A parasitoid is an organism that inhabits a host organism. Unlike a true parasite, however, it ultimately sterilizes or consumes the host, a more dire prognosis for the host.
This Demonstration shows the population dynamics of a parasitoid-host model. Parasitoids attack host larvae, which then develop into new parasitoids instead of adult hosts. Maturation delays for host and parasitoid are explicitly taken into account by implementing delay differential equations. The model is adopted from [1] in a slightly simplified form.

where
: time
: uninfected host larva density
: host adult density
: parasitoid adult density
: rate of host larvae maturating to host adults
: attack rate of parasitoids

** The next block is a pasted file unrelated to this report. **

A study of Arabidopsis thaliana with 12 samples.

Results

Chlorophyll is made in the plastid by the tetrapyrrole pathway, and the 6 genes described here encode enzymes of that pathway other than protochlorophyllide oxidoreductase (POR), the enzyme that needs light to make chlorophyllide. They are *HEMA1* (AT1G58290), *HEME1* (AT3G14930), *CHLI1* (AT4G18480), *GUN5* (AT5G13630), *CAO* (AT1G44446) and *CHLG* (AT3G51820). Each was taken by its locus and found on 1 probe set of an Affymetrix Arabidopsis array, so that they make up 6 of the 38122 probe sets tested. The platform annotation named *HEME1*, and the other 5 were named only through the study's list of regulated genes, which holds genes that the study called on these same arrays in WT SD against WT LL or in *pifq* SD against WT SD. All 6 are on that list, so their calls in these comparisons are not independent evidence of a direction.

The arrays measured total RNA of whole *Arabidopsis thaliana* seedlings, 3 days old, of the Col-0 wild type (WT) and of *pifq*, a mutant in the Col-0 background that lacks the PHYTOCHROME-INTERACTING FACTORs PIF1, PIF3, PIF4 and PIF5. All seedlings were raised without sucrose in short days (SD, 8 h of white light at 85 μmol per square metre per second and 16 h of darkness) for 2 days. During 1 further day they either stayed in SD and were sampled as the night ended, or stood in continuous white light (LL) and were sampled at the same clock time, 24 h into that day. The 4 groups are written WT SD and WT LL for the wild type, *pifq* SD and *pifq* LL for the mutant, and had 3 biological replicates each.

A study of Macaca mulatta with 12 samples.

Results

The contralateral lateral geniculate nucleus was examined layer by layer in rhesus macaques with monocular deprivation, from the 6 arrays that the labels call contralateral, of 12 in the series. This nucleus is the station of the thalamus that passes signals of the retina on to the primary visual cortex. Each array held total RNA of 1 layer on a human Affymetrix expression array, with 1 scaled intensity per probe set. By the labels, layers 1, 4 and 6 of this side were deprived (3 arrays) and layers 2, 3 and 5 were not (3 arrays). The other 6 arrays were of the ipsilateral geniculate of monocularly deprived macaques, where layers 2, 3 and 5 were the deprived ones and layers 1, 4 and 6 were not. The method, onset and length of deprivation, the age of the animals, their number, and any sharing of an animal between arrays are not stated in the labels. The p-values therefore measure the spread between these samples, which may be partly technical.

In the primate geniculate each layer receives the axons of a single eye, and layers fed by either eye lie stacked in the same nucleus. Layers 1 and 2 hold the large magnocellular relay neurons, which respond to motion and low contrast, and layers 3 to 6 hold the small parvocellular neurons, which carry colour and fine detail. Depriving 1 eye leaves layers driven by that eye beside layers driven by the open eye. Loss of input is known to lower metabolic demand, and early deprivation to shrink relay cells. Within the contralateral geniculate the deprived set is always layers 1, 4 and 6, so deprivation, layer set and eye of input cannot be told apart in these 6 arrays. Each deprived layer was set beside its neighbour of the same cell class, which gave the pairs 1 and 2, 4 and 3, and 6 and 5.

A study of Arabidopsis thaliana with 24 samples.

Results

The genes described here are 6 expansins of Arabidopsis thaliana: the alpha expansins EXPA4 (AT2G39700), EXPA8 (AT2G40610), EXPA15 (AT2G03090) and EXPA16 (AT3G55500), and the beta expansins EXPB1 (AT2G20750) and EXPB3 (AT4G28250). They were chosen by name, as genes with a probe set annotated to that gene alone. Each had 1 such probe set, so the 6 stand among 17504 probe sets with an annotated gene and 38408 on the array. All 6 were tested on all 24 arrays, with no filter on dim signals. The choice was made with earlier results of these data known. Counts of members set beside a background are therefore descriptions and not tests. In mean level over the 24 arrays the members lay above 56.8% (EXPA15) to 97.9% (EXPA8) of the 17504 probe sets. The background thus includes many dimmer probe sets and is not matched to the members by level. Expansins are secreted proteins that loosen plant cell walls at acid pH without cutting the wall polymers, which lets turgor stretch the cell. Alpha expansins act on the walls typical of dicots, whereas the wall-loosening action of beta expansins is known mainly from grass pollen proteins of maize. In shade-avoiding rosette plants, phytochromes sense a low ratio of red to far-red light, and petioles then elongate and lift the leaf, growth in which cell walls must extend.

: rate of larva production for host adults
: death rate of host adults
: death rate of parasitoids
: maturation delay for noninfected larvae
: maturation delay for infected larvae
To start the system, we set constant adult host and parasitoid densities (for )
,
,
and calculate the beginning larva density consistently (for )
.
A note on the implementation: in order to numerically solve the system of delay differential equations with the Mathematica built-in function NDSolve, we calculate the integral in the formula for by introducing another state variable
,
which we define for by
and for by
.
Reference
[1] W. W. Murdoch, R. M. Nisbet, S. P. Blythe, W. S. C. Gurney, and J. D. Reeve, "An Invulnerable Age Class and Stability in Delay-Differential Parasitoid-Host Models," The American Naturalist, 129(2), 1987 pp. 263–282. www.jstor.org/stable/2462003.